Q: In 2004, I bought a Lycoming O-320 D1A, via Van’s, and started flying it in January 2005 in a RV-9A. I broke it in according to the instructions (75% or more until oil consumption stabilized). In spite of having an oil filter I always do oil changes at about 30 hour intervals. All through the life of the engine it has used 100LL and the average power (after break in) can be estimated from the fuel consumptions of 5.9 to 6.1 max gph. Cylinder head temperatures during takeoff remain below 400°F on a calibrated (boiling water) steam gauge and at about 350°F in cruise.
In April 2010, at 676 hours, I had a sticking valve. Curiously this manifested itself not at cold start-up but during takeoff.
My friend, an experienced IA, and reamed all four exhaust valve guides. The grease on the reamer showed blackish material that we thought was lead. The No. 4 cylinder, which always had the lowest exhaust gas temperatures, was a little worse than the others. Until that time, I leaned for best power. Most trips were of 90 minutes duration.
I then changed my habit and leaned maximally to slight roughness and then just enough enrichment. Still 6 gph. Just now, at 1,110 hours, I had a sticking valve again, again at takeoff after a normal cold start.
I have not been using TCP in part because proper mixing during or after filling would be difficult; the tanks have baffles with rather small holes and must be filled slowly.
I talked with the folks at Van’s, who do not have the same problems with their O320s, and who were just as puzzled as I am. The only difference we could think of is that they use more power than I do.
What can I do to prevent a repetition? I fly once a year from Oregon to Tennessee, or to Alaska, and it would be awkward to get the same problem far from home. I would really appreciate you thoughts on this.
A: I find this inquiry a bit different than most and I must admit it has me scratching my head, along with you and the folks at Van’s.
My first thought in a situation like this is to think poor cooling where we’re not taking the heat away from the cylinder head when we have poor baffles or some other cause like running too lean. From the information you provided, I guess I’ll just have to use the process of elimination and hope that takes us to some place to begin.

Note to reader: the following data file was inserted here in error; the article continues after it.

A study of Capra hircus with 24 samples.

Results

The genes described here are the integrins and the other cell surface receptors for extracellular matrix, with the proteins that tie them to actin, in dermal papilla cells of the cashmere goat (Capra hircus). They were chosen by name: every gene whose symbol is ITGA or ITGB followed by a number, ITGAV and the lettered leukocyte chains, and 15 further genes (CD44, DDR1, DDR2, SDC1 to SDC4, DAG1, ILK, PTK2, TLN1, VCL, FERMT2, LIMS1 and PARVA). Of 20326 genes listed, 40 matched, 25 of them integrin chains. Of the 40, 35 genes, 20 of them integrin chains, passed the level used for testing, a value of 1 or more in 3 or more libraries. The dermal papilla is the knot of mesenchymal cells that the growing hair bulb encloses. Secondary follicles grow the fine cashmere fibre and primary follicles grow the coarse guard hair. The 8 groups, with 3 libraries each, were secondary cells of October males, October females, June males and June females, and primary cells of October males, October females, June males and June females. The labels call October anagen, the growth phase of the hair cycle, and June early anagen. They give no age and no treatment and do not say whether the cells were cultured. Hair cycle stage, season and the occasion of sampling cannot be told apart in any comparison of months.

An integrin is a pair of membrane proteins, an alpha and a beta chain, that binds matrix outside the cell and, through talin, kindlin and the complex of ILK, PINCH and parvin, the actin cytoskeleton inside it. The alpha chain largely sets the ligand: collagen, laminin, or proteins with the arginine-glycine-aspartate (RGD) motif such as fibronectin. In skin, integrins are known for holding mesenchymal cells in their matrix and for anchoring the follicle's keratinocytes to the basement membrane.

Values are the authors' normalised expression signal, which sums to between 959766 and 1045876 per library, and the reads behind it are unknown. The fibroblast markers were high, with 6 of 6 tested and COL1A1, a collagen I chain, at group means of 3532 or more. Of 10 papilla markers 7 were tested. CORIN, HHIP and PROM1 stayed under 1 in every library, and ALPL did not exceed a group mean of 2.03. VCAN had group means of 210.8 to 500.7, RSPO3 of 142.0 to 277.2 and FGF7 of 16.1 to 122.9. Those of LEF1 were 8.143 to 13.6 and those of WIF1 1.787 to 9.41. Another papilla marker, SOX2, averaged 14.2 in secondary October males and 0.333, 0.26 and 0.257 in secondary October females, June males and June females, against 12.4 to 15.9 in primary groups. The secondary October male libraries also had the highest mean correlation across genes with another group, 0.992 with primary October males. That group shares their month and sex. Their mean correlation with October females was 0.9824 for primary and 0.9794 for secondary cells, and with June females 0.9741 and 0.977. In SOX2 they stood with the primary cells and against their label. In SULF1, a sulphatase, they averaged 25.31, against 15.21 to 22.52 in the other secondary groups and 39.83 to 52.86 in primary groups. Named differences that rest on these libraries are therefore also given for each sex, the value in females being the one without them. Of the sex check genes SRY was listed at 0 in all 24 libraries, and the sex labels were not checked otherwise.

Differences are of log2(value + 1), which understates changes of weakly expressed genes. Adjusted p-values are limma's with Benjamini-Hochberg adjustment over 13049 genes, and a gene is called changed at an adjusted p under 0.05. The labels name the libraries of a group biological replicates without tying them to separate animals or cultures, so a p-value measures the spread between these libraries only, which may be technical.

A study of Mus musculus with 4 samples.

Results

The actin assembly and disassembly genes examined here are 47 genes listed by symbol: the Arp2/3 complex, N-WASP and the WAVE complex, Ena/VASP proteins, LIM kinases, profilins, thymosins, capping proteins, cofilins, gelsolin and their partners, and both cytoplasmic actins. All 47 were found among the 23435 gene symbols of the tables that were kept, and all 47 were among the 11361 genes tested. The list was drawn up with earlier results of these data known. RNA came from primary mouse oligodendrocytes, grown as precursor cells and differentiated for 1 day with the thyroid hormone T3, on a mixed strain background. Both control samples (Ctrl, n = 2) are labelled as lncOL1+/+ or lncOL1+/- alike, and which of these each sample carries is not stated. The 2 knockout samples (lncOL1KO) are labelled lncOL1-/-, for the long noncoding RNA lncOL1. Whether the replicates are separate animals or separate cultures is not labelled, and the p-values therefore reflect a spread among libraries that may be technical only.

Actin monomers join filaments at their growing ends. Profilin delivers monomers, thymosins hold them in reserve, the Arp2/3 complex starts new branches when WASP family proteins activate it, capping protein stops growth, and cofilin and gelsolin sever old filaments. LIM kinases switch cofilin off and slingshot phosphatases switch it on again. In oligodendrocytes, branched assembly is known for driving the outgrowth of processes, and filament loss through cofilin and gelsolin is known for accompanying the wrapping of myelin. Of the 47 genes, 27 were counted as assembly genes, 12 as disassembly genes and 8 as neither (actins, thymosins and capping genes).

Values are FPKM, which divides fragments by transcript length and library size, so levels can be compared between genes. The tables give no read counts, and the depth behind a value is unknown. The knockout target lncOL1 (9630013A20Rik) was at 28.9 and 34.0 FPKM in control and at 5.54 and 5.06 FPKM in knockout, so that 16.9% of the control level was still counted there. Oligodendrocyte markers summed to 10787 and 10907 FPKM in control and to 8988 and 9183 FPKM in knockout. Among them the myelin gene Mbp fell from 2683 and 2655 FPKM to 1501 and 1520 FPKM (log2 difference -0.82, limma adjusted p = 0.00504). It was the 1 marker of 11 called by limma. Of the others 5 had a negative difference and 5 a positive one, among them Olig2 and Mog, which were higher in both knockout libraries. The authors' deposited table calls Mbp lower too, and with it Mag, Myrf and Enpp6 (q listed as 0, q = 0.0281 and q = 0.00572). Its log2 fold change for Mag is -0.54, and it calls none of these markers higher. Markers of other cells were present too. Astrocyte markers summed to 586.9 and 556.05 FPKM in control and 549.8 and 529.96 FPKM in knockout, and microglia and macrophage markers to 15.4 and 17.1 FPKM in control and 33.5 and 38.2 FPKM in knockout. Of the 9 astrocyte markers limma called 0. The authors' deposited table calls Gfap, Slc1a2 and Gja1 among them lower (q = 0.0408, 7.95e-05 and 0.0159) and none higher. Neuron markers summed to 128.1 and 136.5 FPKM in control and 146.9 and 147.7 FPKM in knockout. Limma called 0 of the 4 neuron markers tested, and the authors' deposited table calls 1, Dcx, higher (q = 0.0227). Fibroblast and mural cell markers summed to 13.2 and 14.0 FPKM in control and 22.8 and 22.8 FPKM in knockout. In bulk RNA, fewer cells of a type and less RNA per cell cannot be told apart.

Since the O-320-D1A is rated at 160 horsepower@2,700 rpm, I’d expect the fuel consumption to be somewhat greater than the 6 gph you stated, even at a greatly reduced power setting. I’d think you should see something like 8 to 10 gph fuel consumption at 65% (approximately 2,350 rpm) to 75% (approximately 2,450 rpm) power for a starting point. With this lower than what I’d expect fuel consumption, I’d expect to see much higher cylinder head temperatures because of a lean condition.
Have you ever compared your fuel consumption with another similar RV using the same identical engine? Maybe Van’s could furnish some fuel consumption data it has experienced from some of its flying or that other customers have provided.
Let’s get beyond this and see what else we might find. I don’t see anything with your leaning procedures, but I’m still not quite sure I like the 6 gph fuel consumption. Did Van’s have any comments regarding this fuel consumption?
The cylinder head temperatures you provided are excellent, providing the instruments are calibrated and considered accurate and the process you mentioned should meet this requirement. My only question regarding this subject is what type of CHT probe are you using? The best and most accurate is the bayonet type probe versus the spark plug type.
I am somewhat surprised that you’ve experienced this problem during takeoff rather than noticing it during initial start-up. It’s not that it couldn’t happen during takeoff, as you’ve experienced, but it’s not what we’d typically expect. May I ask how you learned the results of this problem? Did the stuck valve cause the pushrod and shroud tube to bend, causing a loss of oil, or was it detected as a rough running engine with a slight loss of power?
I commend you for having your experienced IA ream all four exhaust valve guides following your first problem because if you have one exhaust valve stick, the probability of others sticking remains high and reaming all four guides is the proper approach. The material removed from the guides certainly sounds like burned oil carbon, which we would usually expect to see from an engine that is running hot and has high CHT temperatures. Improper cooling of the cylinder head due to poor baffling or cowling fit is the usual cause of this. This is where I, and I suppose others, really begin scratching our heads as to what the cause is with your engine with the operating temperatures you’ve mentioned.
While I really don’t have any specific answers for you, I will offer some suggestions that you may want to consider. First, if you haven’t already reamed the guides since this most recent occurrence, I’d recommend that your IA comply with Lycoming Service Bulletin 388C, which tells you the condition of the valve to guide clearance. Another thing I would consider is changing the brand of engine oil. While I believe all of the aviation grade oils available today are excellent, you may want to give this some thought.
One last question for you: Has the sticking valve problem always occurred on the same cylinder? If this is the case, then I’d look at the installation and baffling. If it’s been two different cylinders, then I’m back to scratching my head again!